Cadw joins forces to tackle heritage crime in Wales
Cadw yn ymuno â gwasanaethau eraill i daclo troseddau treftadaeth yng Nghymru
The Welsh Government’s historic environment service, Cadw is joining forces with the police and other agencies to tackle heritage and cultural property crime in Wales, Deputy Minister for Arts and Sport, Dawn Bowden has today confirmed.
The new partnership will see Cadw join with the National Police Chiefs’ Council, Crown Prosecution Service and Historic England as part of ARCH - Alliance to Reduce Crime against Heritage. The joint initiative is set to systematically tackle and reduce offences such as architectural theft, including the theft of metal and stone, criminal damage in particular vandalism, graffiti and arson, unlawful metal detecting and anti-social behaviours such as vehicle nuisance and the dumping of waste.
The Deputy Minister has today, at Chepstow Castle, signed a memorandum of understanding with the partners involved in the initiative.
Recent developments have included:
- Dedicated Heritage Crime Liaison Officers have been established in police forces across England and Wales.
- Revised sentencing guidelines have been published so that Courts can recognise the aggravated impact of offences on heritage and cultural property assets.
- Data collection and intelligence gathering have been improved, with the establishment of a dedicated Heritage and Cultural Property Crime Intelligence Analyst.
- And many Heritage Watch schemes, which harness the passion for heritage in communities, local authorities and national parks, have been launched.
Deputy Minister for Arts and Sport, Dawn Bowden, said: “The fight against heritage crime requires strong collaboration between the police forces in Wales, Crown Prosecution Service and Cadw.
“We take heritage crime very seriously in Wales. Our historic environment and cultural heritage are precious and irreplaceable – we protect them for the benefit of people today and for our future generations. I welcome the extension of this important collaborative initiative into Wales, and I look forward to the positive impact that it will have here.”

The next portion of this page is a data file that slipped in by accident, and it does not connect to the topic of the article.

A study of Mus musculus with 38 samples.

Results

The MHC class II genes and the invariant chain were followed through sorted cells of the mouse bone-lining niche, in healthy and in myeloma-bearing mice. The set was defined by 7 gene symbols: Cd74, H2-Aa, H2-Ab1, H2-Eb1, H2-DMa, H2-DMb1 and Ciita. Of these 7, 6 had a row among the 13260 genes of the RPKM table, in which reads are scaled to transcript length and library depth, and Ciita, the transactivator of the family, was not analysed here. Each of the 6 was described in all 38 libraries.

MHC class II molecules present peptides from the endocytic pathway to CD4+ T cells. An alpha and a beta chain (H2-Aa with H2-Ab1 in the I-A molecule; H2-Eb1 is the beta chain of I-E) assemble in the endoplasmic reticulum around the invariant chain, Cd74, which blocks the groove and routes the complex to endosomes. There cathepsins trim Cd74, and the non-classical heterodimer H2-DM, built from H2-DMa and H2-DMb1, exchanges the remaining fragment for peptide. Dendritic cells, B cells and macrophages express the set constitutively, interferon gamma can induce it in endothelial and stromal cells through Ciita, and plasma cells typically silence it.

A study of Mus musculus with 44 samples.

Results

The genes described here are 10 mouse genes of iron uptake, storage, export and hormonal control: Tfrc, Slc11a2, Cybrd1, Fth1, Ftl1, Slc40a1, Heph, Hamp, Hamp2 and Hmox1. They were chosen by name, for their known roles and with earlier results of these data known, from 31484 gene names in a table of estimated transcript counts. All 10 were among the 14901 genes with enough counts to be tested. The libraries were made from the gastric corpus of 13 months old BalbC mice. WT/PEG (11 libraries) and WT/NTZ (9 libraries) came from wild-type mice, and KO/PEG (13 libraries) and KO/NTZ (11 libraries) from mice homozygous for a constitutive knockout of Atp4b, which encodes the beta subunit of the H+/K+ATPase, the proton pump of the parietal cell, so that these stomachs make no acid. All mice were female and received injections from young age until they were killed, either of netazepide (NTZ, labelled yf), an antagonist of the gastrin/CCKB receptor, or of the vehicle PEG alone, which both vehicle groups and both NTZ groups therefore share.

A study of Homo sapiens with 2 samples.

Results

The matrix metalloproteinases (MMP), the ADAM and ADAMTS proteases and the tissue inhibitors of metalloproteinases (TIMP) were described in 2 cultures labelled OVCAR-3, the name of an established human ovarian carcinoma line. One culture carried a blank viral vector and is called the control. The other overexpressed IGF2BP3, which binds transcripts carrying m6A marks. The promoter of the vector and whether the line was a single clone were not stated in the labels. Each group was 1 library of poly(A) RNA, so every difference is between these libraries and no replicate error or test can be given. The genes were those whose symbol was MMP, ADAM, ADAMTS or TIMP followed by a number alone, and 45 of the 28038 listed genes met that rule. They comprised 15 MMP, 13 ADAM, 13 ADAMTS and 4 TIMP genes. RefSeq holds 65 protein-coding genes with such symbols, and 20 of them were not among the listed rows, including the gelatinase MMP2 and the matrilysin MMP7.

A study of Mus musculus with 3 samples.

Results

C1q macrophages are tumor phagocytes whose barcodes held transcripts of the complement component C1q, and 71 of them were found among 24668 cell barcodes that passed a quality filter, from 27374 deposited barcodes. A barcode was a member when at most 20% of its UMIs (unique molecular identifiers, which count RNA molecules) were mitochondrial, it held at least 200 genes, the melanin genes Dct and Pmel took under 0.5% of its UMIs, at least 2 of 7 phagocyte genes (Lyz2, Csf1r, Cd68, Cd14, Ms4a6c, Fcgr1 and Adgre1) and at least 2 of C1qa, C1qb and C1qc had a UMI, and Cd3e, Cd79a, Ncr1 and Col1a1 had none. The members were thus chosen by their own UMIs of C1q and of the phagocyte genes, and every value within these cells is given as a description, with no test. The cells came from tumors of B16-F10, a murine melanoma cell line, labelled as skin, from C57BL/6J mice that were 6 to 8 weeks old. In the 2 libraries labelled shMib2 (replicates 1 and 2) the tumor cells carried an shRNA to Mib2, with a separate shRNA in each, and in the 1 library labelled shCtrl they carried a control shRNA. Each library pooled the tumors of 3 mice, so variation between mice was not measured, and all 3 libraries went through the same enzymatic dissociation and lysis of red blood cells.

Duncan Wilson, Historic England Chief Executive said: “We welcome our colleagues from Cadw as signatories to the memorandum. Since the signing of the original memorandum, significant progress has been made to prevent and investigate crime and anti-social behaviour affecting the historic environment.
“This progress has been made possible by the development of a robust, committed and effective partnership between Historic England, the National Police Chiefs’ Council, the Crown Prosecution Service and the thousands of people who own and care for our historic buildings and archaeological sites.
“Heritage crime robs us of our collective history and today’s event marks the next stage in our commitment to tackle it, wherever it occurs.”
Deputy Chief Crown Prosecutor Paul Stimson, CPS lead for heritage and wildlife crime, said: “I welcome any opportunity to work closely with our partners and this memorandum is a perfect example as we extend it into Wales. We have a duty to protect our heritage sites and the CPS will play its part. Where an offence against a heritage asset has been committed, we will not hesitate to prosecute whenever our legal test is met.”
Assistant Chief Constable Rachel Nolan, lead for the National Police Chief’s Council (NPCC) Heritage Crime Portfolio, said: “This brings some of the key organisations closer together in the joint fight against Heritage Crime. It assists us with protecting our historic environment and to pursue offenders that are involved in stealing or damaging heritage assets."
New legislation, The Historic Environment (Wales) Bill, is in its final stages of passage through the Senedd. When it becomes law, this consolidated legislation will replace the existing Acts for the protection of monuments, listed buildings and conservation areas in Wales. It will provide a new accessible, fully bilingual restatement of the existing laws, which will make them easier to understand and use for the better protection of the Welsh historic environment.
In the meantime, Welsh Police Forces will be pursuing the consistent approach to policing heritage crime demonstrated by the launch of Operation Heritage Cymru last year. This aims for greater consistency across Wales, particularly in crime reporting, building knowledge and raising public awareness. Cadw is supporting this initiative by providing training and specialist support to officers investigating heritage crime cases.
Notes to editors
The original memorandum of understanding on heritage and cultural property crime was first signed between English Heritage, the Crown Prosecution Service, and the Association of Chief Police Officers in 2011.
This new memorandum extends the provisions to Wales, updates the commitments, and includes anti-social behaviour for the first time.
What is Heritage Crime?
Heritage and cultural property crime is defined as ‘Any offence which harms the
value of England and Wales’s heritage assets and their settings to this and future
generations and includes all offences involving cultural property.’
Heritage assets in England and Wales include:
- Listed buildings;
- Scheduled monuments;
- Protected marine wreck sites;
- Protected military remains of aircraft and vessels of historic interest;
- Known battlefield locations including registered battlefields;
- Registered parks and gardens;
- Conservation areas;
- World Heritage Sites; and,
- Undesignated but acknowledged heritage buildings and sites.